GOP Sen.’s Personal Twitter Briefly Suspended After Threatening Japan

senator mike lee - Credit: Tasos Katopodis/Getty Images
senator mike lee - Credit: Tasos Katopodis/Getty Images

Sen. Mike Lee, a Utah Republican, has since July 2022 maintained an unfiltered Twitter presence as @BasedMikeLee, using this personal account to vent, bluster, own the libs, and share epic memes. But on Wednesday, the account was briefly suspended.

“Thanks to all who assisted in operation #Free@basedMikeLee,” he tweeted after the account was reinstated later on Wednesday. “Still no explanation from @Twitter as to what happened.”

Lee’s office in the Senate did not immediately return a request for comment, nor did Lee Lonsberry, his director of communications. But archived screenshots of Lee’s activity as @BasedMikeLee in the hours leading up to his suspension reveal that he was repeatedly issuing an ultimatum to Japanese Prime Minister Fumio Kishida.

Lee appeared to be in a state of agitation over Japan’s imprisonment of U.S. Navy lieutenant Ridge Alkonis, who was sentenced to three years behind bars for negligence in a car crash that killed two people in 2021. The case has proven a sore spot for U.S.-Japan relations. The officer’s wife, Brittany Alkonis, appealed on his behalf to President Joe Biden after his State of the Union address last month.

Instead of going through the usual diplomatic channels, Lee began tweeting directly at Kishida, telling the prime minister he had a short span of time in which to return Alkonis to U.S. custody, or else face repercussions.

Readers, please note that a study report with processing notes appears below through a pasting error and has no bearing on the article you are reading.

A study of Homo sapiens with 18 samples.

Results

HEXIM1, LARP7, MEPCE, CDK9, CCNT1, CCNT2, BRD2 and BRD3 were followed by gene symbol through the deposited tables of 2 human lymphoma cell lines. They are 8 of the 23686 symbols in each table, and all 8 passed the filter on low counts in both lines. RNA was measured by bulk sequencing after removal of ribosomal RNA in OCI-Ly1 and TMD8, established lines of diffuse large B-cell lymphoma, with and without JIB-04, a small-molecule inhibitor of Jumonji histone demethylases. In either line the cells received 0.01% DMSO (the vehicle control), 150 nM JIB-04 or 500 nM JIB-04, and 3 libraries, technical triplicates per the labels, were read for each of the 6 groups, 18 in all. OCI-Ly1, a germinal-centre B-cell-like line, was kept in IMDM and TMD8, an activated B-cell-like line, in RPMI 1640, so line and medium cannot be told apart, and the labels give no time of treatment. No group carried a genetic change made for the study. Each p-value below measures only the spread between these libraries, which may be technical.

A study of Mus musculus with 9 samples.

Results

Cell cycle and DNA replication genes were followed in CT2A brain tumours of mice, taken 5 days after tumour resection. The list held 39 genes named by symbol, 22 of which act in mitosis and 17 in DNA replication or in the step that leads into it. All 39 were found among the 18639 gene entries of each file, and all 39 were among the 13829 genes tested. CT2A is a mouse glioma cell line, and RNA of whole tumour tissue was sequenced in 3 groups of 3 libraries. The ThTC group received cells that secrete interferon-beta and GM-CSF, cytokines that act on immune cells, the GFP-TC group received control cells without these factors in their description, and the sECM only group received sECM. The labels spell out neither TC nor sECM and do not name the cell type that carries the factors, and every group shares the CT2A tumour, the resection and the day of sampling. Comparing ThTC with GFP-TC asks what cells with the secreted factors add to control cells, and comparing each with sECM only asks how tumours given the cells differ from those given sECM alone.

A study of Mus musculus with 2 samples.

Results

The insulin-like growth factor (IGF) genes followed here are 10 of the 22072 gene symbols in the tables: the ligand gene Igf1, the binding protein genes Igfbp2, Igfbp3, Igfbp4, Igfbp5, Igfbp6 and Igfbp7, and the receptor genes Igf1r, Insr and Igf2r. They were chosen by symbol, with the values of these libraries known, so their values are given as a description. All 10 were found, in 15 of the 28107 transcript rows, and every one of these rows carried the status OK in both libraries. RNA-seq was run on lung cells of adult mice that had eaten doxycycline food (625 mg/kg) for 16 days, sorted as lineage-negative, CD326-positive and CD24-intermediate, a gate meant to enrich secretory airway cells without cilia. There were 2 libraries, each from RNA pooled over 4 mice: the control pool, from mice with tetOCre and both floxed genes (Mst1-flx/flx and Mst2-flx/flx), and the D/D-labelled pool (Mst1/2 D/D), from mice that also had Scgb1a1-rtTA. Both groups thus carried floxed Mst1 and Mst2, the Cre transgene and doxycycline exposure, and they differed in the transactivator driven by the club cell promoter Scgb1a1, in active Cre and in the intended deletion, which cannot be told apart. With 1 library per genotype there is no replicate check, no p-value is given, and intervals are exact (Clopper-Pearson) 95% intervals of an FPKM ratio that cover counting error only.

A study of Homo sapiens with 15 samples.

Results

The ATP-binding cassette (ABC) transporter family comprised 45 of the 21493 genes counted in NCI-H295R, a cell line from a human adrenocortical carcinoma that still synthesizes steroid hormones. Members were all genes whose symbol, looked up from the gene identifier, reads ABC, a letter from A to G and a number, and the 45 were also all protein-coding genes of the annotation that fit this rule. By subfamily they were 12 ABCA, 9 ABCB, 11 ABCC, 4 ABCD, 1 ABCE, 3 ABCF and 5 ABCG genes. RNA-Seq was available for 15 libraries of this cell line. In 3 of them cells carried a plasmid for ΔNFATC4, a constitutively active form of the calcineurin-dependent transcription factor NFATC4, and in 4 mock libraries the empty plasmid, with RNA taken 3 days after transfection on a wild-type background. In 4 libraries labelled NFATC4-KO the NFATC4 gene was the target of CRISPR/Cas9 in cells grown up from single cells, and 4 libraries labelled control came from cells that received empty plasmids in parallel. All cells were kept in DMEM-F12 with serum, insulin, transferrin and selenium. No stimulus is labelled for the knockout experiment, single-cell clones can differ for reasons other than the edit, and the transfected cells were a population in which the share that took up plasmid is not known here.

On Tuesday, Lee — who had previously set a deadline of Feb. 28 — tweeted at Kishida, “please remand Lt. Ridge Alkonis to the custody of the U.S. Navy within the next 48 hours. If you do so, I’m willing to forget all about this unfortunate incident. If not, we’re going to have a long series of conversations about the SOFA that you will not enjoy.” SOFA is the U.S.-Japan Status of Forces Agreement, a long-standing treaty that established conditions for maintaining American armed forces and bases in the country.

The thread continued, with Lee arguing that SOFA is “far too generous to Japan” and peppering his comments with ominous phrases. “You can’t pretend you weren’t warned,” he tweeted at one point. He also insinuated that he could scuttle a deal for Japan to buy missiles from the U.S. and abruptly shortened the window for Alkonis’ release: “Also, you’ve got 24 hours, not 48,” he wrote. “Hand him over. Now.”

In some of his final tweets before the suspension, Lee continued to demand Kishida return the U.S. Navy officer to serve out a sentence at home. On Wednesday, he wrote, “you have 40 minutes left. Hand Lt. Ridge Alkonis over to the U.S. Navy. Now.” The follow-up tweet to Kishida consisted of Japanese characters that translate as “what goes around comes around.”

It’s unclear exactly how Lee proposes to modify the conditions of SOFA, a treaty that has been in place since 1960, as none of his Senate committee assignments provide him the means to influence the policy. In the past, Lee’s critics have often replied to bombastic posts from the @BasedMikeLee account to note that he has far less individual power in Washington than he likes to suggest.

Politicians and commenters on the right, meanwhile, called for Twitter to explain the suspension and reinstate Lee’s personal profile, with some appealing directly to owner Elon Musk.

In short order, @BasedMikeLee was back online. Responding to influencer @catturd2, who seemed to suggest that Twitter had once again shown a bias against conservative voices, Musk said that the account had been incorrectly flagged for impersonation. (Lee is subscribed to Twitter Blue, which some have used to fraudulently pose as public figures and brands.)

Lee, for his part, was satisfied with that explanation, and thanked Musk by posting a meme of himself. As for his promise to hold Senate conversations that Prime Minister Kishida is “not likely to enjoy,” we may be waiting a while.